Cyber Leaders of the World: Dan Wilkins, CISO at the State of Arizona

Please tell us a bit about yourself, your background, and your journey of becoming a CISO for the State of Arizona

I am a 27-year cyber security veteran with experience in large scale data center projects, information security and assurance, and a strong networking background. My journey unfolded over the course of many years across several organizations but I have always had an eye for detail and outside of the box thinking. I have held the roles of Security Specialist, Security Manager, and CISO over the course of my career. All of the environments and partner interactions throughout my career have helped prepare me for the CISO role because it is much more than technology and people – it is about culture, business continuity, integrity and protection.

What are some challenges and top cyber risks you deal with as a CISO of a state government?

CISOs deal with staff vacancies, talent retention and burnout across the board; however, the cyber risks vary by industry. A state government has regulation and compliance concerns as well as the responsibility to protect citizen data and provide key public services. Some of the more prominent cyber risks include malware and ransomware, but I would say it expands out into overall information protection and availability.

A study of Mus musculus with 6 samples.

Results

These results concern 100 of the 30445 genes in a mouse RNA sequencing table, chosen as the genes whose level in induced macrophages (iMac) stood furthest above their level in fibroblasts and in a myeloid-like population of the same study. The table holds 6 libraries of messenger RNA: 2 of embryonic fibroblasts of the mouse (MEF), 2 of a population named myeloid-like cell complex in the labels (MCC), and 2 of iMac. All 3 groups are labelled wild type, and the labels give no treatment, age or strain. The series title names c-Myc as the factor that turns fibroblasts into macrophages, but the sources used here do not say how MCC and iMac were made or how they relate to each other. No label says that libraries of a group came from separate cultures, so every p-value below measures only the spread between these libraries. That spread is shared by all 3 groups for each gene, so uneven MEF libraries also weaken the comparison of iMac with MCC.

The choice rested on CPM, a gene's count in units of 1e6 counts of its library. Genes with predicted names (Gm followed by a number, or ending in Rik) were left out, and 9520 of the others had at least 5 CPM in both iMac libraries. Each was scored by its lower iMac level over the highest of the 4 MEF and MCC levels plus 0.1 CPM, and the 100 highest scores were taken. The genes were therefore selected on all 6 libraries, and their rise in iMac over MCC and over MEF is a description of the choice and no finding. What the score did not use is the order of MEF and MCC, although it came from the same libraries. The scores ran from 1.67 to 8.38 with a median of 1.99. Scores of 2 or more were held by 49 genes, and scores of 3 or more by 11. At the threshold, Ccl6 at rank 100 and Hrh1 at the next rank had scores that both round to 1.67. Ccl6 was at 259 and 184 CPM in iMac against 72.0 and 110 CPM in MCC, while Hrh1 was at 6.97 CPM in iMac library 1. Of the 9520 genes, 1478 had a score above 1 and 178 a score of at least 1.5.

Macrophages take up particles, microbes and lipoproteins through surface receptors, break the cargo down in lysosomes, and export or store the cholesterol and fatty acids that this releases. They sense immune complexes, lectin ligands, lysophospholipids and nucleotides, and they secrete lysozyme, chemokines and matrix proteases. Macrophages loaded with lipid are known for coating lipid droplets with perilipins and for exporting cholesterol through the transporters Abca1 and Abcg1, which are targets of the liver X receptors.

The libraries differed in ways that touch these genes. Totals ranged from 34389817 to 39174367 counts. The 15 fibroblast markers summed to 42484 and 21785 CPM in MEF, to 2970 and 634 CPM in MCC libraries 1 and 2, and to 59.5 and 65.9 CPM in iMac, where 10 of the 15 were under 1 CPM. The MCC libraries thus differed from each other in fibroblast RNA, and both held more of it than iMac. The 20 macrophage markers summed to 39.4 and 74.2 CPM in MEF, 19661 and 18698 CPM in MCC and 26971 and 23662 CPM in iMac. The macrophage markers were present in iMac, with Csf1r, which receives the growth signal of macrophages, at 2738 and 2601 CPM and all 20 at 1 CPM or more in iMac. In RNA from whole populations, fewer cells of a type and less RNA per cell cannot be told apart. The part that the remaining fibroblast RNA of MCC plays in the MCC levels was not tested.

What are the most significant changes you’ve experienced in your business as a result of the increase in cyber attacks in recent years?

Keeping up with the changes in threat vectors with limited budget flexibility, we all get asked to do more with less, but that is not infinitely sustainable. Budgets may be locked into specific categories or containers and it is difficult to reallocate those funds to competing technologies or solutions. Cyber attacks are becoming increasingly complex and many times have multiple layers which makes them more challenging to defend against.

What technologies are you currently most excited about or most worried about in terms of cyber risk and why?

Artificial Intelligence / Machine Learning. I think there is a lot of potential for significant gains in automation and consistency, but anytime a technology can be used to enhance services or increase effectiveness – it can also be used against the organization by an attacker. The risks favor the view of the observer. If you are defending an environment it may be a risk to not deploy protective layers, but if you are attacking an environment it may be a risk to utilize tools and scripts for fear of discovery or worse, blocking and eradication. AI / ML have the ability to reduce or increase the workload, depending on which side of the fence a person is on.

On a more personal note, what advice would you give to your 21-year-old self?

Never assume you are the smartest person in the room. Take time to listen to others and ponder on their point of view or perspective. Keep a level head and search for the big picture, and always solve the correct problem.